My husband and I went to brunch yesterday at restaurant close to our home. We had just picked up our menus when our server came to greet us and, just as I recognized her as one of my patients, she proclaimed, "you're my doctor!"
"Doctor mode" instantly switched on, quite avolitionally. "Hi!" I heard myself say. "It's great to see you. How are things?"
Just as if we were in the office, our server/my patient comfortably launched into an update on her recent medical issues.
And then, she caught herself and switched gears. "Oh, I'm sorry. What would you like to drink?"
I'm sure that this scenario is a common one for many family docs. For me, though, as a suburban dweller working in an urban family health center, I rarely encounter my patients outside of the clinical setting. My neighborhood haunts are several miles away from theirs. I don't typically shop in their grocery store or walk on their streets...or run into them at a restaurant.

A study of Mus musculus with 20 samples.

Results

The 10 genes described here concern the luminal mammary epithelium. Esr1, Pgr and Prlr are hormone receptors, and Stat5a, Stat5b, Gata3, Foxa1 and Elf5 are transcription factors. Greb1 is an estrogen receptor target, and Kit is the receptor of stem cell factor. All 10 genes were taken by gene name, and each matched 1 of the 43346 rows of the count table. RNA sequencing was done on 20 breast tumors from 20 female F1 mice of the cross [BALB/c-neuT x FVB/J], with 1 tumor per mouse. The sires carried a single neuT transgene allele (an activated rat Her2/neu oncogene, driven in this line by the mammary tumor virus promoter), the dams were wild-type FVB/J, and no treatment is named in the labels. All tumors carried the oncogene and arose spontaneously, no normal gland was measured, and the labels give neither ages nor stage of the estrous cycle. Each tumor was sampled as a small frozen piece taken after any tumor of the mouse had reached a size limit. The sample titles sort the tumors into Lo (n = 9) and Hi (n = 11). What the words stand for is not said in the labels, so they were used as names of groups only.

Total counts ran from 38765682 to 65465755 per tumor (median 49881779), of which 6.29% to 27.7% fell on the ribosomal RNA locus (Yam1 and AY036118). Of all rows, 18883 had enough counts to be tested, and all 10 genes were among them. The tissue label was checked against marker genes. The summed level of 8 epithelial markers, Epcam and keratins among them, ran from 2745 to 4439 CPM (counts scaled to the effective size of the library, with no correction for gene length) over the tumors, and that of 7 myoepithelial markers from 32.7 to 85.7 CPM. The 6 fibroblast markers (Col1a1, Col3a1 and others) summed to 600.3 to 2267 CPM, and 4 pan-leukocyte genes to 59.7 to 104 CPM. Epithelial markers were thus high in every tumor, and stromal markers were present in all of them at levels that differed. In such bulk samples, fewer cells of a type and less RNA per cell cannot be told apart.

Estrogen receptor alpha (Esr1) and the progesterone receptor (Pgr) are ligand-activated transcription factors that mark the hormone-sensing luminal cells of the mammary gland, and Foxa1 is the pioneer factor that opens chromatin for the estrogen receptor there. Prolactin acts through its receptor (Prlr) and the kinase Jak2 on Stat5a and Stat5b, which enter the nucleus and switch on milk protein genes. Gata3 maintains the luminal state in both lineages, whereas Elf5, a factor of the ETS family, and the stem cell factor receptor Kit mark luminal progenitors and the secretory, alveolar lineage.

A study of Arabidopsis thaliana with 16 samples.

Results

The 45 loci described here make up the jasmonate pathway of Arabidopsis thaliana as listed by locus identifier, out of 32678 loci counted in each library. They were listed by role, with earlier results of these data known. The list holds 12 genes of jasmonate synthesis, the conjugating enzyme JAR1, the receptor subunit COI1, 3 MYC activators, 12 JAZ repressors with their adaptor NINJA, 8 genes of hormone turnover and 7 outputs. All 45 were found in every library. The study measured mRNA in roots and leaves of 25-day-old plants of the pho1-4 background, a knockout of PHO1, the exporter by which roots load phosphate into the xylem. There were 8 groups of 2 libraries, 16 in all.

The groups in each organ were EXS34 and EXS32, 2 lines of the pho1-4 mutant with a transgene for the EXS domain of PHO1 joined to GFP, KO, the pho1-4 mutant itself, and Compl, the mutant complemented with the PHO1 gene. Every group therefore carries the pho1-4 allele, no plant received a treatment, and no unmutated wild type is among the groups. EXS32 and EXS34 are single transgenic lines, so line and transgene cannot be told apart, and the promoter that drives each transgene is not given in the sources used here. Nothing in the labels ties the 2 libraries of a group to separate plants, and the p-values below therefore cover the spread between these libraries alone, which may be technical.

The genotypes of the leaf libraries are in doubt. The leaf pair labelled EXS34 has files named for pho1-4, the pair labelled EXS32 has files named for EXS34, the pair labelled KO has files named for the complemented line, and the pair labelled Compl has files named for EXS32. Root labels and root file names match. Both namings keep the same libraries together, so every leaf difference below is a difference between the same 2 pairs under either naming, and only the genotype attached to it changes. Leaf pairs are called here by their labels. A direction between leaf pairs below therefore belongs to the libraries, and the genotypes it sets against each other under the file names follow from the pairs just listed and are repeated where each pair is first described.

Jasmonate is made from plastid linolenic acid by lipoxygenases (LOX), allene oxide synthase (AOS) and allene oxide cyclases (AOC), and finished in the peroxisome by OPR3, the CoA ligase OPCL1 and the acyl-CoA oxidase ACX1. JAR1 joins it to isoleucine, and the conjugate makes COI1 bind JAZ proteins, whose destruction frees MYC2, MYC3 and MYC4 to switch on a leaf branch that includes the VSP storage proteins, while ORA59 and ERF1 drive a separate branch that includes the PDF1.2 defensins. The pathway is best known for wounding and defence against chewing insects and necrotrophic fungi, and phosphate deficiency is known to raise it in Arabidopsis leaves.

So, this scenario was a bit awkward for me. I worried about my patient - will she feel extra concern about taking care of us as customers? She might have thought that this bit of role reversal was somewhat odd.
I worried about myself, too. Better be on my best behavior, be extra polite, and leave a good tip. After all, she might judge my multiple buffet trips - filling my plates with eggs, bacon, french toast, prime rib, and bread pudding - when she's heard me counsel her about healthy lifestyles!
These thoughts were fleeting, though. "Doctor mode" somehow turned right off at the sight of that buffet, and my husband and I chatted airily about our Thanksgiving travels and the morning's church service.
When our server/my patient brought the check, I offered that I'd be happy to see her in the office to discuss her issues. She seemed pleased, and the encounter ended on an upbeat note.
And, yes, we did leave a very good tip.